Texas and Mississippi: National embarrassments


(AP Photo/Rogelio V. Solis)

Leo Carney, kitchen manager at McElroy’s Harbor House in Biloxi on the Mississippi Gulf Coast, said the removal of coronavirus restrictions will disproportionately impact Black residents — many of whom are essential workers, Friday, March 5, 2021. Carney said he would feel better with restrictions being removed if essential workers had access to the coronavirus vaccine.

Something shameful happened in our country last week: The governors of Texas and Mississippi lifted the mask mandates and announced the reopening of the states to 100%.

Way to go –– You have set the entire nation backward on its goal to placate the spread of the coronavirus just when we were starting to gain a lead.

Everyone knows the famous fable “The Tortoise and the Hare.” We are the hare that grows overly confident in his lead in the race so he decides to take a break. COVID-19 is the tortoise: slow but has a chance at winning because of the foolish hare.

This pandemic is not some looming fantastical monster that requires a bold “You don’t scare me” in order to defeat. It is real, and it takes legitimate and consistent measures to fight off.

I would have liked to believe that we were in the final stretch of ridding our nation of the most dangerous parts of this virus. That hope has been squashed by these decisions from republican politicians who could not handle the pressure from their states’ citizens and their own personal agendas.

In case there are still people who don’t think the virus is dangerous, here is a headline from a CNN Health article: “More people have died from COVID-19 than in the past 5 flu seasons combined. And coronavirus is much more contagious.” Senior news writer Holly Yan provides an overview of COVID-19 and Influenza comparisons, citing data from several sources including the Centers for Disease Control and Prevention, John Hopkins University, Harvard Medical.

On March 3, the Texas Department of State Health Services reported an increased average of 4,532 new cases and 226 new fatalities per day over the last week.

Live updates from the Wall Street Journal and the CDC show that 15.5% of the Texas population and 16.7% of the Mississippi population have been given at least one dose of the vaccine. These percentages are among the eleven lowest in the country, including Louisiana at 16.2%.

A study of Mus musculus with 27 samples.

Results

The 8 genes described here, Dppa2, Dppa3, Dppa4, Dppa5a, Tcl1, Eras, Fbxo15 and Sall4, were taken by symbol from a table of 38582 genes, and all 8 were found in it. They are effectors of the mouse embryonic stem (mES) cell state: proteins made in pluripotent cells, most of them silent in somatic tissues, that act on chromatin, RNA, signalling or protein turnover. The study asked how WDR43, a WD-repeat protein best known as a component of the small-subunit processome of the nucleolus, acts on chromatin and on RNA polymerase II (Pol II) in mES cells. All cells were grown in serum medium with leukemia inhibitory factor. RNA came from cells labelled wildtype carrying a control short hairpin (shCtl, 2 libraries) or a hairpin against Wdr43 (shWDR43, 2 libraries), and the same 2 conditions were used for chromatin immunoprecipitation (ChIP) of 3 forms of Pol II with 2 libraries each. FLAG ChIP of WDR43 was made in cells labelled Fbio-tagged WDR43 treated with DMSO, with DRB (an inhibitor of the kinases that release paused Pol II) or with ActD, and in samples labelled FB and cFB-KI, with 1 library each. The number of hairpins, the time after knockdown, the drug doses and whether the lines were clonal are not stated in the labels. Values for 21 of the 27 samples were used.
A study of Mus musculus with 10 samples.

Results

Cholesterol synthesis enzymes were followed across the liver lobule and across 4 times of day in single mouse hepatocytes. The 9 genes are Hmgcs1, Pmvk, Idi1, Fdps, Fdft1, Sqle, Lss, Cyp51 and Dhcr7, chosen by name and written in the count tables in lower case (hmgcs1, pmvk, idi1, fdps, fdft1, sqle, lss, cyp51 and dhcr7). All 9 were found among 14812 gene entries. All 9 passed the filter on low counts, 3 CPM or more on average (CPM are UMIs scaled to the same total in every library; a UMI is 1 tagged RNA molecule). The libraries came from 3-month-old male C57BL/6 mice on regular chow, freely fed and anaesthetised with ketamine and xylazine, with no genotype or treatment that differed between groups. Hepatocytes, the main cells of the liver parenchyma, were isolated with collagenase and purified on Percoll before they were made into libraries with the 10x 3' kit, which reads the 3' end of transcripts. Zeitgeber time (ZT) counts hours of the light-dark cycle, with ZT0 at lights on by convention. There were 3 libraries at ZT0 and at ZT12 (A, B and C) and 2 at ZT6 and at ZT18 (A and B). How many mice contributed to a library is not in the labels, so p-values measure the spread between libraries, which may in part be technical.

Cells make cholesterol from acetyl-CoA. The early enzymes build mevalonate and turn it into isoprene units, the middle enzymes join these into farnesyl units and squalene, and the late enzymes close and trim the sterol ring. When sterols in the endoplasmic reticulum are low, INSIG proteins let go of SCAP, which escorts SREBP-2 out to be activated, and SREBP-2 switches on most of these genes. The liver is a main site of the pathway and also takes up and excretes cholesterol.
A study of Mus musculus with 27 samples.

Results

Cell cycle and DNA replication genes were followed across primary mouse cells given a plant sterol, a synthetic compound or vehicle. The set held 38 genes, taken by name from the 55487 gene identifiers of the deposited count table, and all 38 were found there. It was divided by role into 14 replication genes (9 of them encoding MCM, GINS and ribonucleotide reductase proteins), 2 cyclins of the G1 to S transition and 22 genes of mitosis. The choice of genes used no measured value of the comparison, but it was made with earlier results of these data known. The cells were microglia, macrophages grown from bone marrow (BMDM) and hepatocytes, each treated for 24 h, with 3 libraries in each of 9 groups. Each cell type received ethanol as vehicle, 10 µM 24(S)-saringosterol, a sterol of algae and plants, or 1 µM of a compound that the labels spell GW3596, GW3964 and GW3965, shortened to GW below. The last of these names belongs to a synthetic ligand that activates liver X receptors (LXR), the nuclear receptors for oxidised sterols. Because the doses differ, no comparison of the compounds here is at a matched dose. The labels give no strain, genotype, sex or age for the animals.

Yes – vaccinations are instilling hope into citizens nationwide, and that is wonderful. However, the vaccines that have been developed and are currently being administered to millions nationwide may not be effective in fighting off the emerging variants of the virus. The current vaccine is not the end-all-be-all solution, especially since only about 30% of the country has been vaccinated. The vaccine is another tool. It does not cancel out the need for masks and other safety measures.

The governors have left many of their businesses, particularly restaurants, vulnerable to unsafe environments that risk the loss of customers whether they choose to continue the mask requirement or not.

Duncan Agnew with the Texas Tribune spoke with businessperson Anne Ng of Bakery Lorraine in San Antonio. She and many other restaurant owners in the state have maintained the mask mandates within their establishments.

“By repealing the mandate, the government is putting everyone at risk, and foodservice workers are sadly at the front lines in facing potential hostility from folks who will refuse to respect our mask policy,” Ng said. “We don’t deserve that.”

You can disagree with me over the morality of the governors’ decisions, but you cannot dispute the reports from the CDC or state departments of health. If you are okay with lessening––or completely removing––the restrictions while people are still dying, that says more about you than me.

We can only hope that John Bel Edwards has a bit more sense than Greb Abbott and Tate Reeves and holds off on fully reopening the state until we see more deceleration of cases, hospitalizations and deaths.